Electromagnetic near-field scanner is a measurement system to determine a spatial distribution of an electrical quantity provided by a single or multiple field probes acquired in the near-field region of a device under test possibly accompanied by the associated numerical post-processing methods enabling a conversion of the measured quantity into electromagnetic field.
Depending on a signal receiver detecting the probe signal, voltage as a function of time or frequency is a typical measured quantity. It should be underlined that as the DUT may be considered any object radiating or storing electromagnetic field energy intentionally or unintentionally, e.g. the antenna radiation excited beyond its resonance frequency. The voltage pattern is usually mapped on planar, cylindrical or spherical geometrical surfaces as a collection of a finite number of spatial samples.
Antenna near-field scanner
First scanners were built in the 1950s to map probe signal variations in front of microwave antennas. Determination of a far-field radiation pattern constitutes the primary application of antenna near-field scanners. This novel technique offered an attractive alternative to conventional open area test sites for measurements of high gain, electrically large antennas or antenna arrays (gain > 20 dBi, diameter > 5λ) in an indoor, controlled and all-weather capability environment. Among well recognized and analyzed errors of the near-field measurements, multiple reflections between an antenna under test (AUT) and an electromagnetically non-transparent field detection system (scatterer) belong to the most contributing errors when the AUT has a high gain. Therefore, the scanning surface is recommended to be located outside the reactive near-field region of the AUT.
EMI near-field scanner
In EMI applications, the main focus of a scanner system is on localization of real electromagnetic interference (EMI) sources distributed in a DUT. Accordingly, the scanning surface is located in the highly reactive region of the DUT to enable a relative spatial localization of the electric charges and current surface densities directly from the mapped pattern of probe signals. Typically the separation between the scanning surface and the DUT is much smaller as the largest geometrical dimension of the DUT. Exemplary distances are 1 mm for scanning of PCBs and 30 μm for scanning of integrated circuits on a die level. In order to quickly localize field emission in frequency domain, time domain detection techniques together with signal processing based on fast Fourier transform could be employed, e.g. utilizing a digital storage oscilloscope as a signal receiver.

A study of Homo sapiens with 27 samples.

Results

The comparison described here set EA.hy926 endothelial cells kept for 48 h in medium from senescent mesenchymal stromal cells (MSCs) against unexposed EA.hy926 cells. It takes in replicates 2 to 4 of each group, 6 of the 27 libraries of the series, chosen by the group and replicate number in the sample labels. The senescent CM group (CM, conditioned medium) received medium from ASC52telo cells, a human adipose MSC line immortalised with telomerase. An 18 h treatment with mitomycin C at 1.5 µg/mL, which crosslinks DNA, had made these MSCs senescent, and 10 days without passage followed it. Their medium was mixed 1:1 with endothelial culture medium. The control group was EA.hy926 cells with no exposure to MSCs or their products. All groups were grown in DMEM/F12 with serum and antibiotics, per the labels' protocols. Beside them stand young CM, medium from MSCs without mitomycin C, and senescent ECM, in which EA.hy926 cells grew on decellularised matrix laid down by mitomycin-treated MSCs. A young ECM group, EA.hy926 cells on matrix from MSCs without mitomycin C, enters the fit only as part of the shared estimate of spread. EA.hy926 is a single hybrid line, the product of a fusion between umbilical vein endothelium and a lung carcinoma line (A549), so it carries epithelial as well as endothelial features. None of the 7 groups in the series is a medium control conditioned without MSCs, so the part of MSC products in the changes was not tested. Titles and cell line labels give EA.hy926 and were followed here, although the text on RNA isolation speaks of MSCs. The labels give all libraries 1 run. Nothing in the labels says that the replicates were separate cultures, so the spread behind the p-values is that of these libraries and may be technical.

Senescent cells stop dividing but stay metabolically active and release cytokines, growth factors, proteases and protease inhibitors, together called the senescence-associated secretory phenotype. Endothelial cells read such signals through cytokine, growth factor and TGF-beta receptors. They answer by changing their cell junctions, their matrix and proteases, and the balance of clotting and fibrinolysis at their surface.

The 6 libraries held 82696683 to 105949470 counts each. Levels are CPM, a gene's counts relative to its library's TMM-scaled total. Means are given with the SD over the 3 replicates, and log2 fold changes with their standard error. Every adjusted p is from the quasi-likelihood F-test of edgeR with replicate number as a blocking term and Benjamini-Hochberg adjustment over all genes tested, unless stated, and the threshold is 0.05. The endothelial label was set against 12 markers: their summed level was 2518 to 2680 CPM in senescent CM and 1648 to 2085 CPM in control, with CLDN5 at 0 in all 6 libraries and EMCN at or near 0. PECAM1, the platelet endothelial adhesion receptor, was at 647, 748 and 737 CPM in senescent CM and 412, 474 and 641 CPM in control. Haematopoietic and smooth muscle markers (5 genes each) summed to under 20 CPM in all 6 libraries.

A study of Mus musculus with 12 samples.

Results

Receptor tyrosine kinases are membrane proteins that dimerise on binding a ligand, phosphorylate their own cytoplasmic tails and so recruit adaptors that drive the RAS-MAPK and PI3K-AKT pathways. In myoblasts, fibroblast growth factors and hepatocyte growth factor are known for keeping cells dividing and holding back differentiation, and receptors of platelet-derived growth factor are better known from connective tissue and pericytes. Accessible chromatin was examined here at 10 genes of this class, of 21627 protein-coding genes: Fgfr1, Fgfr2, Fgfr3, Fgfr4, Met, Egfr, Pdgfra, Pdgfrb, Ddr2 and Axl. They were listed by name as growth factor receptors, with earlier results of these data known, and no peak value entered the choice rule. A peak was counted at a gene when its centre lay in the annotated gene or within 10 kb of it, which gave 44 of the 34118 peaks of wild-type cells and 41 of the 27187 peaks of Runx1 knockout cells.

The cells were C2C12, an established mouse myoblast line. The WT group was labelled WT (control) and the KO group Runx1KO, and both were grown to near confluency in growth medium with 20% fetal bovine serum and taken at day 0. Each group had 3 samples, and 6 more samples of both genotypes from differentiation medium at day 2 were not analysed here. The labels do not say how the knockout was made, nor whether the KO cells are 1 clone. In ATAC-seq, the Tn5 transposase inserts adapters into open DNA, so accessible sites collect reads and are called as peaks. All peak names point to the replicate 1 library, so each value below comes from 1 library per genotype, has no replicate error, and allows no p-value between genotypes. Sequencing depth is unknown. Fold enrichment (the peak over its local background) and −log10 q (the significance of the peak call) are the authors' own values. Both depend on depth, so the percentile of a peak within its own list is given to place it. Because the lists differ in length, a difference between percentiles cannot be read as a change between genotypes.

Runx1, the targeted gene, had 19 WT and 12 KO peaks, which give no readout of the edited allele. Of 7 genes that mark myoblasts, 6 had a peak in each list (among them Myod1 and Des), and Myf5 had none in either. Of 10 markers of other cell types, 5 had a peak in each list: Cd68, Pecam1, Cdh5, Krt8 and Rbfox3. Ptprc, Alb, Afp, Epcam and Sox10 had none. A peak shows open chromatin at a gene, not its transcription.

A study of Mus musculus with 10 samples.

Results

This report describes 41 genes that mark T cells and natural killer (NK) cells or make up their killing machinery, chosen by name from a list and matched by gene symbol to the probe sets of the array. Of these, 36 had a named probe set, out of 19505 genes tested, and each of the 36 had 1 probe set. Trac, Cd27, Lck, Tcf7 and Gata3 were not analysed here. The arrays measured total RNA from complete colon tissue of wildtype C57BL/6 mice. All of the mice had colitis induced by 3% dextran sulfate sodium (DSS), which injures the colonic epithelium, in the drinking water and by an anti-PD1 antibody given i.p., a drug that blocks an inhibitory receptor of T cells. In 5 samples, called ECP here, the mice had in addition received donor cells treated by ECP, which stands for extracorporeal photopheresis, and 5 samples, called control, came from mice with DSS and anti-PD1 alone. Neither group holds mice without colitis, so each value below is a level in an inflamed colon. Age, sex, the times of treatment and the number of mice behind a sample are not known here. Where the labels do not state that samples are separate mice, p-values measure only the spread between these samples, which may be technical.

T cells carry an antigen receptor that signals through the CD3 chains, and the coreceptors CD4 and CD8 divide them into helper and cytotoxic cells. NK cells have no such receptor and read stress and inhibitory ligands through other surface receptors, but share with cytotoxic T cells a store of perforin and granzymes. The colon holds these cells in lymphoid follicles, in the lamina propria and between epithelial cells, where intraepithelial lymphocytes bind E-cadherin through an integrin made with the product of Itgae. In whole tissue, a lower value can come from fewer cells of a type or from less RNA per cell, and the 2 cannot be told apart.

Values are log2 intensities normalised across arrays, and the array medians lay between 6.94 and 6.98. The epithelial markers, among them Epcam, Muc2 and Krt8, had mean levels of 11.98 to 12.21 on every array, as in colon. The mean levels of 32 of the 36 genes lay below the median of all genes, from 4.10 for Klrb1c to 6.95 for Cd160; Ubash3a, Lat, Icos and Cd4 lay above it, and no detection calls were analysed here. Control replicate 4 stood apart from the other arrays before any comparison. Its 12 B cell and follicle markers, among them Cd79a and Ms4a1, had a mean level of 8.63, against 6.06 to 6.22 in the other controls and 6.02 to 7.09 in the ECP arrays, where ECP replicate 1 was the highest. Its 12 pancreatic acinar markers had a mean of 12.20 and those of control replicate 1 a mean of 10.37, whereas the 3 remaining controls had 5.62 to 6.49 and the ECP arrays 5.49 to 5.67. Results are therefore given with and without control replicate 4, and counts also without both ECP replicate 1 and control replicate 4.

IEC/TS 61967-3: Integrated circuits - Measurement of electromagnetic emissions, 150 kHz to 1 GHz - Part 3: Measurement of radiated emissions - Surface scan method. International Electrotechnical Commission. June 2005.
Stuart Gregson, John McCormick and Clive Parini (2007). The Principles of Planar Near-Field Antenna Measurements. London, United Kingdom: The Institution of Engineering and Technology.
Slater, Dan (1991). Near-Field Antenna Measurements. Norwood, MA, USA: Artech House, Inc.
Tankielun, Adam (2008). Data Post-Processing and Hardware Architecture of Electromagnetic Near-Field Scanner. Aachen, Germany: Shaker Verlag.
Yaghjian, Arthur D. (January 1986). "An Overview of Near-Field Antenna Measurements". IEEE Transactions on Antennas and Propagation. AP-34 (1): 30–45.